Juicy tomatoes, grilled corn kernels, red onions and cilantro, with a squeeze of lime and just a hint of mild pepper. Simple to make and full of flavor (plan to lick the bowl).
2 ears of fresh corn
2 lbs fresh tomatoes, preferably heirloom and/or a variety of colors, cut into 1/2" - 1" chunks
1/2 teaspoon coarse salt
1 Tablespoon flavorless oil (such as canola)
Juice of half a lime
1/2 cup red onion that has been diced into 1/4-inch pieces
1 teaspoon ground Aleppo pepper (see notes for substitutions)
1/2 cup roughly chopped cilantro leaves
1. Set your grill up for high-heat cooking, brush the grates and preheat with the lid closed. Shuck the corn and grill it directly on the hot grates, turning to char the kernels evenly on all sides, until cooked through. Depending on the heat of your grill, this will take roughly 5-12 minutes. (If you're a newbie at grilling corn, this recipe gives you detailed step-by-step instructions and pictures). Let cool to room temperature.
2. Combine the tomatoes, salt, oil and lime juice in a large bowl, mixing to combine everything. Add the onions and cilantro. Cut the kernels from the ears of corn with a sharp knife, and add them to the bowl.
3. Sprinkle all but a pinch of the pepper over everything, stir again, and taste. Add a pinch more salt or another squeeze of lime if needed. Sprinkle the last pinch of pepper over everything just before serving.
All those tomatoes make a really flavorful juice in the bottom of your bowl. I strongly urge you to serve this with something involving bread, or some other yummy starch that can be used to sop up those juices and enjoy them. (While my kids were looking the other way, I lifted my plate and poured the extra juice directly into my mouth. True story.)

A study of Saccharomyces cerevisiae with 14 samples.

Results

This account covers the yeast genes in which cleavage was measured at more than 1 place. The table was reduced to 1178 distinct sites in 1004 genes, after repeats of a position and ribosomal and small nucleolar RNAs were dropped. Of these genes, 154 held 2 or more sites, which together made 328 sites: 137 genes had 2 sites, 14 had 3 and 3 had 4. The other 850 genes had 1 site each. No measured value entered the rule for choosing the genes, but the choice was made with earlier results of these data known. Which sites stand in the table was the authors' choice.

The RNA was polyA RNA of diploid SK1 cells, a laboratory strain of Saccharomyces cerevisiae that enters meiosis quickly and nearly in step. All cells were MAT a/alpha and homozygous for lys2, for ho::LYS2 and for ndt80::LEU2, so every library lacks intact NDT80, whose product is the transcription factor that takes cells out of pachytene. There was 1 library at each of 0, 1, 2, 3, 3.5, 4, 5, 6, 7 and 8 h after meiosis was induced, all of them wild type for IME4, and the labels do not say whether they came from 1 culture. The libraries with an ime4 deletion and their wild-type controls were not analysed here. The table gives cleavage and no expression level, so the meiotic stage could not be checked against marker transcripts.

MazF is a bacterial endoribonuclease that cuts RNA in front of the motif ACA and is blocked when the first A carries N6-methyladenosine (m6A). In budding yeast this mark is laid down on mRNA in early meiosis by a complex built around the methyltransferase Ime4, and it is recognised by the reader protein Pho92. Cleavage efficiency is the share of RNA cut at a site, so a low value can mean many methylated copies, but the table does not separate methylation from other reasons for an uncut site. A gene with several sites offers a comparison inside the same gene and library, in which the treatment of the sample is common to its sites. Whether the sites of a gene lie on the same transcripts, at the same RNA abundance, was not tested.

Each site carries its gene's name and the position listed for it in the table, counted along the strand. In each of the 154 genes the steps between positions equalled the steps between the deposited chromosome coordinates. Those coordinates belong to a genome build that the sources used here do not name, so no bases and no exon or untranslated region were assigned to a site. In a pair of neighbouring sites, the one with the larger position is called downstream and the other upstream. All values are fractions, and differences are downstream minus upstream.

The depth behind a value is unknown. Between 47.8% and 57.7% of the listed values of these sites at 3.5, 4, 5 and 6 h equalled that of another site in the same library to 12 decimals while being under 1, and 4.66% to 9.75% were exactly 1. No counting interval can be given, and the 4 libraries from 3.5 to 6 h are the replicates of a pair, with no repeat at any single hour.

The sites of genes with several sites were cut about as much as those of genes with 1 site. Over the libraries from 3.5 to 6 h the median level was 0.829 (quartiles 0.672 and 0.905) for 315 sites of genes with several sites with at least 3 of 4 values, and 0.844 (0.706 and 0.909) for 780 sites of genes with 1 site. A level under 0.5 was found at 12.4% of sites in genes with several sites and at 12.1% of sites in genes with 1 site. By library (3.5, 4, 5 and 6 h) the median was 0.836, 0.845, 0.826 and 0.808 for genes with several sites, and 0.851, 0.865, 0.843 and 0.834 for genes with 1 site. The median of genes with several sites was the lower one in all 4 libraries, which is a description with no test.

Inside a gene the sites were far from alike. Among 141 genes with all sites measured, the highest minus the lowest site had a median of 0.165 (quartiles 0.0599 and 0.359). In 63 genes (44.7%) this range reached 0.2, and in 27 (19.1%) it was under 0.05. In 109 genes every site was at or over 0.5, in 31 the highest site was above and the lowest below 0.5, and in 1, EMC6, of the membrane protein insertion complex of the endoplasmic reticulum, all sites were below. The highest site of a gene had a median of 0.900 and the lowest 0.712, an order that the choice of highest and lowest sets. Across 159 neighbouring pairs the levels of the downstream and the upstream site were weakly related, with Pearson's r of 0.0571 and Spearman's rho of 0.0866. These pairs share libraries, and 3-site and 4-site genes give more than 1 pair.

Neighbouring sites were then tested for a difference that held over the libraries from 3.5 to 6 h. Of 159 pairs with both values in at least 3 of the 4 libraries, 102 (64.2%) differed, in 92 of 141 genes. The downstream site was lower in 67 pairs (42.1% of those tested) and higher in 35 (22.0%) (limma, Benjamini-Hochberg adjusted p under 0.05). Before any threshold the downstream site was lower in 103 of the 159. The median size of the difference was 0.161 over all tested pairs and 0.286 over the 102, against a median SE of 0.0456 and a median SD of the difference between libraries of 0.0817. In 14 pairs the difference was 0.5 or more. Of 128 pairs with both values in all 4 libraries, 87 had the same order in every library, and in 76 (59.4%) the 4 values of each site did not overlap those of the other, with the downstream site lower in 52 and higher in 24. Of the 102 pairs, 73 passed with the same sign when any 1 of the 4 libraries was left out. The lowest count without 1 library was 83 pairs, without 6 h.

This recipe calls for Aleppo pepper, which is a really wonderful, subtly-flavored chile pepper from Syria. Sadly, it's getting harder and harder to find due to the ongoing violence in that region. If you can find it, count yourself very fortunate, because it's got a unique flavor that is slightly smoky, very subtly sweet-ish, and mildly spicy.
If you can't find it, you could substitute a combination of crushed guajillo or ancho chile along with a pinch of smoked paprika. Another option would be dried, crushed chipotle, or standard crushed red pepper flakes. These last two options are both significantly spicier than the original recipe, so I'd start with about 1/4 teaspoon, and add more to taste as desired.
You can grill the corn up to 3 days ahead. You can store the corn, still on the cobs, in an unsealed plastic bag in the refrigerator. Or you can cut the kernels off the ears on the day you grill them, and store the kernels in a covered container in the refrigerator.